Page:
Whether or not he actually warranted it, the Maharishi Mahesh Yogi incurred the wrath of John Lennon towards the end of The Beatles’ visit with him in India in 1968 for a meditation-based retreat. Maybe the Maharishi was enlightened, but he must have missed the knowledge that it’s never a good idea to get on the bad side of a great songwriter, deservedly or not, or else you’ll have a song like “Sexy Sadie” written about you besmirching your reputation from here to eternity.
The short version of the story is that Lennon, who initially dove headlong into meditation and the Maharishi’s teachings, lost respect for him when he heard that the so-called Giggling Guru had made a pass at one of the female retreaters. Many who were there claim that there was never any evidence of this happening and that Lennon was intentionally given bad information. In any case, he was fired up enough to write a song expressing his disgust, changing the title from “Maharishi” to “Sexy Sadie” only when George Harrison convinced him to do so.
This wasn’t the only song of disdain that emanated from his India experience; he aimed “The Continuing Story Of Bungalow Bill” at an ardent hunter in the camp. But that one came off as a fun but slight novelty at best when it was released on The White Album in 1968; “Sexy Sadie,” on the other hand, rose much higher on the strength of some enchanting music and the complicated mixed bag of emotions in the lyrics.
The song begins with Paul McCartney’s piano intro, somehow stately and wobbly at once thanks to the effects added to it. Once the rhythm kicks in, it does so at an ambling pace, yet Ringo Starr is able to keep things from falling into torpor with spicy drumming. McCartney flitters about the lower end on bass, and eventually Harrison takes over on the outro with spiraling riffs.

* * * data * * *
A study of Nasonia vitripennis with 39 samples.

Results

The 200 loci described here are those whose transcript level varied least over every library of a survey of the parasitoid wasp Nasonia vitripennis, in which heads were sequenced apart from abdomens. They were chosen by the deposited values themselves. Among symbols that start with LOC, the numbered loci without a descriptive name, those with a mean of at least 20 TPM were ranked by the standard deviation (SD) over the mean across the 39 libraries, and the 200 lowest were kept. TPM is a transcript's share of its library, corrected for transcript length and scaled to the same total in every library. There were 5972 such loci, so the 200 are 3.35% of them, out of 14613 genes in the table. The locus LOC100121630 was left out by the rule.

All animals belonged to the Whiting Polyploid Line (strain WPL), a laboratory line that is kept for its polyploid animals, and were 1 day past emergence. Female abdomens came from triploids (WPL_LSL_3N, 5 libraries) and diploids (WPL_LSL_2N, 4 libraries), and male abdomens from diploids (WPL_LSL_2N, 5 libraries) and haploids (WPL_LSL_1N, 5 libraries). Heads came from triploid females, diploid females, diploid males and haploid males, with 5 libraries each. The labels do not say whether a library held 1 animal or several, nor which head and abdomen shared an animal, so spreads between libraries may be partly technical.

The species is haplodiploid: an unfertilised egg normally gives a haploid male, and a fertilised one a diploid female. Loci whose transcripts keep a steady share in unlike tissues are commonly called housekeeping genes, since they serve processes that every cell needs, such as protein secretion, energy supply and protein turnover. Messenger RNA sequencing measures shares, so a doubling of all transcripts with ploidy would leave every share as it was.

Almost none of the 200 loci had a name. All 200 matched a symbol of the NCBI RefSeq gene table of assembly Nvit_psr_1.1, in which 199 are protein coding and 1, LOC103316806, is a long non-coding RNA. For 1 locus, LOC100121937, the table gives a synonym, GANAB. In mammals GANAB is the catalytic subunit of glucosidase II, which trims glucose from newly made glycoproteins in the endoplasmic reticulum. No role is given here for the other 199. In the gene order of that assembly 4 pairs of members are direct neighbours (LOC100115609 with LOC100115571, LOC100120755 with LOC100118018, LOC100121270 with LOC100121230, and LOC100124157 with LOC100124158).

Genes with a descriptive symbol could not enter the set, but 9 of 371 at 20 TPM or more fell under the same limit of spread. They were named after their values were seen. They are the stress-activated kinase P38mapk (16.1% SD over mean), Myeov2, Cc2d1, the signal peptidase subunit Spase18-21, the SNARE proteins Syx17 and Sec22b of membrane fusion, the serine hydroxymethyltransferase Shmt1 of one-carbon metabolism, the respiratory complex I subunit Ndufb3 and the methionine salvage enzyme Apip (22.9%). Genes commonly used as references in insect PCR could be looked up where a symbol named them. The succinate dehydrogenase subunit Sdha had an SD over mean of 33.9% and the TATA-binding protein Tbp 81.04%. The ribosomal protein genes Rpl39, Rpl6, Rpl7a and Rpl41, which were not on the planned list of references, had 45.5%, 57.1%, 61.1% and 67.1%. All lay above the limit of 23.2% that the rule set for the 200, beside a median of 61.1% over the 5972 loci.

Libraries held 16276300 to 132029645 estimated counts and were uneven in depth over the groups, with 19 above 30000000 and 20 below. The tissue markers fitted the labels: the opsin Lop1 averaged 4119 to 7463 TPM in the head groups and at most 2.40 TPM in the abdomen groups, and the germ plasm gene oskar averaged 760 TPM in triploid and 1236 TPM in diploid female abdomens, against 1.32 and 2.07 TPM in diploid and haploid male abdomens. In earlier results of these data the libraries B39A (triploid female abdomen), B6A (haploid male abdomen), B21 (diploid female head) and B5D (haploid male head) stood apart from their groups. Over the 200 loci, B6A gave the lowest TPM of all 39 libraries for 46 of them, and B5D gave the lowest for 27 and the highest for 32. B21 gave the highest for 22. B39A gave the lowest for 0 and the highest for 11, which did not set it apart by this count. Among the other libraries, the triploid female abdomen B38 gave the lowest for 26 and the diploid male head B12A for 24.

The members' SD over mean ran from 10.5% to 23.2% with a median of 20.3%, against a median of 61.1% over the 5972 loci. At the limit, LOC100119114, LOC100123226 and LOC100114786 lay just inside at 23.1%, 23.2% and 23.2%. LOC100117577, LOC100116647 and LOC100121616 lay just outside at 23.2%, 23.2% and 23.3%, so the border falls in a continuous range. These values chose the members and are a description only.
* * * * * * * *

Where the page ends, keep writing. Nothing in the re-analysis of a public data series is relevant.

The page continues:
The music somehow manages both dreaminess and melancholy, which makes it just the right fit for Lennon’s lyrics. He doesn’t just go off on a one-sided diatribe, which would have been easy enough but could have come off as too snide. Instead he adds just a hint of admiration, as if ultimately impressed that the title character has the ability to wield such power over her acolytes.
Thus every accusatory word (“You made a fool of everyone”) is balanced out by quasi-praise (“How did you know/ The world was waiting just for you?”) In fact, it’s initially hard to hear anything but adulation in lines like “One sunny day the world was waiting for a lover/ She came along to turn on every one.” The backing vocals by McCartney and Harrison also seem to hover between praise and mockery.
By the final verse, Lennon has had enough equivocating, finally calling her out: “You’ll get yours yet/ However big you think you are.” Yet even the anger within that line is quickly turned around to disappointment and even a glimmer of lingering hope: “We gave her everything we owned just to sit at her table/ Just a smile would lighten everything.” Lennon’s last falsetto cries seem resigned to the fact that he’s been duped though, and he’s left to repeat his threat: “However big you think you are.”
There’s a great moment captured in The Beatles Anthology documentary of Lennon being queried by a reporter shortly after his return from India about whether he thought the Maharishi was on the level. Lennon, always lightning quick with a retort, responded, “I don’t know what level he’s on.” That sense of disillusionment and unknowing hangs heavy over “Sexy Sadie,” one of the prettiest poisoned-pen letters you’ll ever hear.